On December 14 2017, we held our interim works-in-progress meeting with the majority of our feminist judges and one of our commentators. At the meeting, each judge gave a short overview of the case they are re-writing – its facts, the decision, and the broader context – and indicated the direction in which they anticipate taking their own, feminist judgment. The judge then highlighted particular issues on which they were seeking feedback. The issues ranged from technical, legal points through to how to adopt the appropriate judicial voice whilst retaining authenticity. After this, there was a short period of discussion, during which the judge was asked clarificatory and exploratory questions and given a chance to answer these and reflect on how to incorporate the points raised into his or her feminist judgment.
In the afternoon, we were fortunate to be joined by Lady Carmichael, who delivered a fascinating and entertaining talk on the task of judging. Lady Carmichael shared with us a huge range of insights she has gained through her judicial practice, including the importance of making one’s decision clear and explicating the reasoning that stood behind it. Part of this process involves being attentive to one’s audience(s), which might include the parties to the case, any appeal court, practitioners, and academics. It is important to ensure that both the language of the judgment and the rationale for it are as accessible as possible. Lady Carmichael explained how making judgments comprehensible is particularly important in the age of social media, when judicial decisions are widely circulated and read.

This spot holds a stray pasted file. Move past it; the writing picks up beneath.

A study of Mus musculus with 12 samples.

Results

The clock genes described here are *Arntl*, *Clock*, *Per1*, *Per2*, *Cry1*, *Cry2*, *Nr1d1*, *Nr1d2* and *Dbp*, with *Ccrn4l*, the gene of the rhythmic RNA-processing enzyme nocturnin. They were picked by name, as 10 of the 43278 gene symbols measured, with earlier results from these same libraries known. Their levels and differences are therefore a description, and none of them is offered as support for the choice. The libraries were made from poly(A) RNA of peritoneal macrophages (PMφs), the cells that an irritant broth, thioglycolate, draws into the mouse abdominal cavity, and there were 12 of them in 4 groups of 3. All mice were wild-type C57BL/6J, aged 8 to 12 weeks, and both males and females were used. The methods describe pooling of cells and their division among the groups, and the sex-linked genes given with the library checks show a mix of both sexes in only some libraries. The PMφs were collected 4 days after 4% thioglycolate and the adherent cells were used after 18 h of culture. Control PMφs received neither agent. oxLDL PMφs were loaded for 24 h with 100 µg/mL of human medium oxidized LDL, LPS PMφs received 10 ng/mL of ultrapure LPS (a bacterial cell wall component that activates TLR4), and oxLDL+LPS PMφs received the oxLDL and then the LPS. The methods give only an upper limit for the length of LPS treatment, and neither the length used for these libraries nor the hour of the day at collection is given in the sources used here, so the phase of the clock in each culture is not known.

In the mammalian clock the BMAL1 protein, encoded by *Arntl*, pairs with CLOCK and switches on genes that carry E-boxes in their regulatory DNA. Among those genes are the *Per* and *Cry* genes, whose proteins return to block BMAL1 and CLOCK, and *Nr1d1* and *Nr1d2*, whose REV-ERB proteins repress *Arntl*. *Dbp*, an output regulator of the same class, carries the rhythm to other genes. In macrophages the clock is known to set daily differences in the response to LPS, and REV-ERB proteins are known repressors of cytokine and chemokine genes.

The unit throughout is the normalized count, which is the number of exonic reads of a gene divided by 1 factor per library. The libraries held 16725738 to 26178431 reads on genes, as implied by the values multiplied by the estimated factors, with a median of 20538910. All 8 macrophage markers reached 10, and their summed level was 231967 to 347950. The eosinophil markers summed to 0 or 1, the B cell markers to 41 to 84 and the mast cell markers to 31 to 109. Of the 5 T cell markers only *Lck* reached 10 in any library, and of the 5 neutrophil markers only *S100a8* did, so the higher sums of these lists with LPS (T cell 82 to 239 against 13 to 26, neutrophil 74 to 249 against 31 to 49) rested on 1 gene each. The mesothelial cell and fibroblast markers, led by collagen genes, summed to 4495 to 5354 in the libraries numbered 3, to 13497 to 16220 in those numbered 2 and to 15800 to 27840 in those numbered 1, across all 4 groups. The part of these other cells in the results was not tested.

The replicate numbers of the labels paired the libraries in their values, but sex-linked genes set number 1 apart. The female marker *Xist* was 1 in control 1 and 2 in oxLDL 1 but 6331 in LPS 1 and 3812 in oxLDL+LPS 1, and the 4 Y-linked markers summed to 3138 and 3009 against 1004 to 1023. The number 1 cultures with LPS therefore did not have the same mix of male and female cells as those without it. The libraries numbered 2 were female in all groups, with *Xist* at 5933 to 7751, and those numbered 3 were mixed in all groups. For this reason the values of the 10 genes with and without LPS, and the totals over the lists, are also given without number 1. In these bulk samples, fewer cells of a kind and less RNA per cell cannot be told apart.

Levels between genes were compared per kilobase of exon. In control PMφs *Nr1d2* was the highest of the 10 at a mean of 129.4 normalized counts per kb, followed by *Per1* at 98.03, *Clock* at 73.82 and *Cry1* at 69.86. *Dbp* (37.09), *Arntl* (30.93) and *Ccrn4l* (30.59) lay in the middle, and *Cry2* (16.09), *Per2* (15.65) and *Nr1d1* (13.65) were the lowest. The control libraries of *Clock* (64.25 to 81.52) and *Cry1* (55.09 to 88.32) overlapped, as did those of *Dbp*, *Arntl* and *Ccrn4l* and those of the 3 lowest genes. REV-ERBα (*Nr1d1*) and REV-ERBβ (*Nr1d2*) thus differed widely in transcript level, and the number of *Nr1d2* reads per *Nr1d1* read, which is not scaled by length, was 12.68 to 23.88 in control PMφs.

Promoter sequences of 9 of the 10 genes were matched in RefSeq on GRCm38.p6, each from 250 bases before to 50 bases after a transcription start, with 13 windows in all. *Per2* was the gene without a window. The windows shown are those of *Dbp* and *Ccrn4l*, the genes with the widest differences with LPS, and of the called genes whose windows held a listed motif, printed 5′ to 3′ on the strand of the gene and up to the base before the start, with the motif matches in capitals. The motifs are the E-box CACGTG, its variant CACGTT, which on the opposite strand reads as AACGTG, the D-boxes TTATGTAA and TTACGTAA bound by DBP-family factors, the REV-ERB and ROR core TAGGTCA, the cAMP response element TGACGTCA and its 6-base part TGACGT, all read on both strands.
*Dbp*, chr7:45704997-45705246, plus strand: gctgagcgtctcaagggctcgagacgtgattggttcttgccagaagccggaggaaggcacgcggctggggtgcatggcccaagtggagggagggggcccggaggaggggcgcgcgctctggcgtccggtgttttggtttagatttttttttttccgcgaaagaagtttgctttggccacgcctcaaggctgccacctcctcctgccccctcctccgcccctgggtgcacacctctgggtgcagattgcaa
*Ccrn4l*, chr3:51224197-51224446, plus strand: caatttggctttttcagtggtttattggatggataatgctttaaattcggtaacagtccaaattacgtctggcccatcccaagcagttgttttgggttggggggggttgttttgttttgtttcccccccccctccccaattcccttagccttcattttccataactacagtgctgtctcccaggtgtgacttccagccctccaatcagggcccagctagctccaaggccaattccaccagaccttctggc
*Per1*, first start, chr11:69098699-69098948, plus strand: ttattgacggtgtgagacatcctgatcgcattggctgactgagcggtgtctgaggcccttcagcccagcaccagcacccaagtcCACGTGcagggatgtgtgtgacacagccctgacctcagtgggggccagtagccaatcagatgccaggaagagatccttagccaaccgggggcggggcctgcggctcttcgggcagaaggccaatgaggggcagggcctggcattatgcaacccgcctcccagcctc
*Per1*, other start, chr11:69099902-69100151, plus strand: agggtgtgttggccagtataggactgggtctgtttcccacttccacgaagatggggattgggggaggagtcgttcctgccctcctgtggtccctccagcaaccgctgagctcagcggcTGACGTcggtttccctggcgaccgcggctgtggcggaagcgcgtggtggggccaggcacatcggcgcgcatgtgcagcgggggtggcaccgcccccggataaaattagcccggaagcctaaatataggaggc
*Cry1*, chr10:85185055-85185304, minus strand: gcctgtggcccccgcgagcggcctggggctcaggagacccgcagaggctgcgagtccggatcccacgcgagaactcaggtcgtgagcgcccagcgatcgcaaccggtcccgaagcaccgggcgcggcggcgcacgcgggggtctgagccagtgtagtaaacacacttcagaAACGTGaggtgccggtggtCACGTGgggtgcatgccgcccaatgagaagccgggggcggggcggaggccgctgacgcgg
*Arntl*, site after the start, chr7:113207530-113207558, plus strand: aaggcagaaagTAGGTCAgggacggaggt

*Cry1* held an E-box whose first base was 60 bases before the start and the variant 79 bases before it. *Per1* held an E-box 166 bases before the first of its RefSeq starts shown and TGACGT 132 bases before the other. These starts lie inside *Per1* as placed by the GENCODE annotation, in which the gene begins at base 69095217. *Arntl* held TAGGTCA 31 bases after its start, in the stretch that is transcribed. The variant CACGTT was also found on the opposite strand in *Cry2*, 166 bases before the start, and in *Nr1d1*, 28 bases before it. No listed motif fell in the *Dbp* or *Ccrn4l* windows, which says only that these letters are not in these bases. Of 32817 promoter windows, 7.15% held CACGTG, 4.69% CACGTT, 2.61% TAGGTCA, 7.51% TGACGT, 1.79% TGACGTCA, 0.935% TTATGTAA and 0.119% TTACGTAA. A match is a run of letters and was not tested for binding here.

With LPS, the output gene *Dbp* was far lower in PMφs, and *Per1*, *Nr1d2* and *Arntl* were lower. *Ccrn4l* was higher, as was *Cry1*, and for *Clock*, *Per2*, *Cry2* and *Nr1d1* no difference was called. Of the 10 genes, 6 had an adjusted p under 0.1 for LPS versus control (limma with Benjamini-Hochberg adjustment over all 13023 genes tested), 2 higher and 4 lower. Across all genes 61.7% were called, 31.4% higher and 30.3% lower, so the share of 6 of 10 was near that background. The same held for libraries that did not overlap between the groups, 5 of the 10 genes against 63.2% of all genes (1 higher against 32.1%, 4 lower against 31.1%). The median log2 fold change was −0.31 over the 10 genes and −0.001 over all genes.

In reflecting on the shifting norms of judicial writing style, Lady Carmichael observed that contemporary judges are in general less prone to the flamboyance and rhetorical flourishes that characterised the judgments of some of their predecessors. In any age, however, there is a certain homogeneity in judges’ writing: an unarticulated set of norms that tend to govern the way judges express themselves in writing. It would be worth exploring the extent to which some of these may be gendered. Decisions are reached within a framework of legislation and previously decided, sometimes binding, cases. Judges at first instance may be more constrained by the arguments advanced by parties to the case than are their colleagues in the higher appellate courts.
Lady Carmichael encouraged us, as feminist judgment writers, to think about who will be our audience, which competing voices we will need to take into account, and who will be our contradictor(s). She observed that within feminism there is a plurality of voices, each of which might advocate for different outcomes and priorities.
After her talk, Lady Carmichael answered a number of questions from workshop attendees. All attendees found this input extremely valuable and are very grateful to Lady Carmichael for joining us.